San Francisco -- Not since 1927 has the Mississippi River crested so high for so long. This year has seen more tornadoes than ever before in U.S. history; not since 1925 have so many people died from twisters. The fires last month in Texas were the worst in 90 years, the drought the worst in a century. Ironically, most of the states afflicted by recent weather extremes voted last November to shrink the federal government and drown it in a bathtub -- the extreme weather is hammering Tea Party country. The response was predictable. Texas Governor Rick Perry stopped talking about secession and started asking for federal help, governors in the tornado belt called for Obama to declare them eligible for more aid, and along the Mississippi, the big complaint was that the Corps of Engineers hadn't built enough dikes high enough. States' rights, anyone?
The states facing this fury of hyper-weather are also, for the most part, represented in Congress by die-hards who advocate continuing climate disruption by choking the atmosphere with greenhouse pollution. While some of these folks claim that the whole idea of global warming is a hoax, what they really believe is that while the climate is warming, we should let the future worry about it, because adjusting to new weather patterns is cheaper than giving up our addiction to coal, oil, and carbon waste.
The climate disasters of the past two years alone ought to put that argument to bed for good. Last year we had floods the size of England in Pakistan, drought and heat that burned more than 300,000 acres and destroyed the entire wheat crop in Russia. Observers called it "the Year of Extreme Weather." Now, in the spring of 2011, it's America's turn. The odds that we are having three different "once-in-a-century" weather disasters in the same region in the same month would be incredibly small -- unless, as climate scientists have been warning, these extremes are no longer "once-in-a-century."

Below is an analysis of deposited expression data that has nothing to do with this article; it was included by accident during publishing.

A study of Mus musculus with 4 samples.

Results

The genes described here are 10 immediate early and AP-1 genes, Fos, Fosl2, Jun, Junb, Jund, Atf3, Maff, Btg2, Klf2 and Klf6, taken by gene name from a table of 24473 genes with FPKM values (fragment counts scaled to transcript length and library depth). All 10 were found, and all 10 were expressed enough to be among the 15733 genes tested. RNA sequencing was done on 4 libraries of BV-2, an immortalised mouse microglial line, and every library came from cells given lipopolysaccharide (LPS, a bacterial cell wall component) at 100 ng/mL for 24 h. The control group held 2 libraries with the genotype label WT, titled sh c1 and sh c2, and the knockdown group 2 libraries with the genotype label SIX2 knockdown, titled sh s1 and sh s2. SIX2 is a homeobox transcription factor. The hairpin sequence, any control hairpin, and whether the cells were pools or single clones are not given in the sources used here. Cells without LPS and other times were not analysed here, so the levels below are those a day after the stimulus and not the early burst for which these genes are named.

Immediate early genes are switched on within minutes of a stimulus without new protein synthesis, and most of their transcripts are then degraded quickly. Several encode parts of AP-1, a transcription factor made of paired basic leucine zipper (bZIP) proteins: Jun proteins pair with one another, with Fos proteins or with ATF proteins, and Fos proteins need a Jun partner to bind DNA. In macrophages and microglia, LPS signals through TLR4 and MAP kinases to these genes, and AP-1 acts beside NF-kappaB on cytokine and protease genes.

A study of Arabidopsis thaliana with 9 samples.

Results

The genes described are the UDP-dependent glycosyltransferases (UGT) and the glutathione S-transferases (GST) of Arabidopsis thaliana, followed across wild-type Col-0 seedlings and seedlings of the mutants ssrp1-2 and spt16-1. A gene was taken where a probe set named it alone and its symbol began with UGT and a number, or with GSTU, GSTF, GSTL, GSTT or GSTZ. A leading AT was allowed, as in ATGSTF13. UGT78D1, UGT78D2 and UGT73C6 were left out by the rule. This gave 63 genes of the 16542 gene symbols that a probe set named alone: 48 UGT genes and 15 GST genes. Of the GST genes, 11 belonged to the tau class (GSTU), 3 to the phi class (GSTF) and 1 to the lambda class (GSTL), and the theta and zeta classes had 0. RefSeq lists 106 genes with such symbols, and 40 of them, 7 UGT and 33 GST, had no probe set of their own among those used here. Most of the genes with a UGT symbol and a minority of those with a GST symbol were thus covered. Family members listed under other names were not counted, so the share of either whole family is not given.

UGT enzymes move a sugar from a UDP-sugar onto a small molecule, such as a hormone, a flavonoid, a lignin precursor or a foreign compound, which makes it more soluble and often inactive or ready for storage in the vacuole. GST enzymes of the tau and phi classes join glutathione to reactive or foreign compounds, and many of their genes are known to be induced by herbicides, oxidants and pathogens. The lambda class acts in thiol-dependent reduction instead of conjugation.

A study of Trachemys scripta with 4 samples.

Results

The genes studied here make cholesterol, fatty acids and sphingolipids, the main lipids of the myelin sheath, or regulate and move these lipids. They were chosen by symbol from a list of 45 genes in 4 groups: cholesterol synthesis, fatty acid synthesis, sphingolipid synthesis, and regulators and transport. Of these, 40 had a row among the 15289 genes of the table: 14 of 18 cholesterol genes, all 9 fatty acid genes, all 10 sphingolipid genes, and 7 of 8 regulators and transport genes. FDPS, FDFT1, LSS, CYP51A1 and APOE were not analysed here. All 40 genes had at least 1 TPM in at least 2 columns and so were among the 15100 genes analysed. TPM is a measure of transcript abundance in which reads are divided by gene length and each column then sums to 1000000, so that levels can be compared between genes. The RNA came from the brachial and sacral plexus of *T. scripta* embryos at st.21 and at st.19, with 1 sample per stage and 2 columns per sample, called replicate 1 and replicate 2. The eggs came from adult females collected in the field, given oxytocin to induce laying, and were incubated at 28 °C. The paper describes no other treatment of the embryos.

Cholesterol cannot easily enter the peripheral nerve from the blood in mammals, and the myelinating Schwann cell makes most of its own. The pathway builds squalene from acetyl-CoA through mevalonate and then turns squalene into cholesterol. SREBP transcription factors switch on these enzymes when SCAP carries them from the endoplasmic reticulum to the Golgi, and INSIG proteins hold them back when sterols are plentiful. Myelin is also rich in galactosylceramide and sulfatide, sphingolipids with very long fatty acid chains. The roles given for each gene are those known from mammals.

The U.S. weather system has now been bulked up by climate pollution like an athlete on steroids, so that it can unleash what were previously very rare hyper-weather events on a regular basis. A warmer climate does not just raise the thermometer; it also stores more energy, which kicks up extreme winds and carries more water vapor to power bigger storms. Just as a pot of sauce gets violent when it boils, we are seeing the weather do the same.
We won't know the full bill for this year's hyper-weather for a while. It's only May, and the rising Mississippi floods themselves may well have far more painful surprises in store as the rains pelt down and the waters move south down the river towards New Orleans. No one knows what this summer will bring.
It's important to note that mismanaging our carbon budget is not the only folly we are paying for. The Mississippi River needs more floodplains, wetlands, and floodways. Its levees should be built further back, not higher. The river is suffering from congested arteries as well as heavy rains. There shouldn't be 300 people in harm's way in the New Madrid floodway; then the Corps could have opened it up earlier, sparing Cairo, Illinois. We need to be smarter about planning for hyper-weather while we also stop encouraging it.
The glib and absurd notion that we can somehow "adapt" easily to climate disruption refuses to die. Climate action cynics like Bjorn Lomborg and the Fox network continue to claim that since any one episode of hyper-weather may not be linked to carbon pollution, we can ignore the overall reality -- a warmer climate means more extreme weather. As you watch the flood waters rise along the Mississippi, remind yourself: extreme weather is not something you should try at home.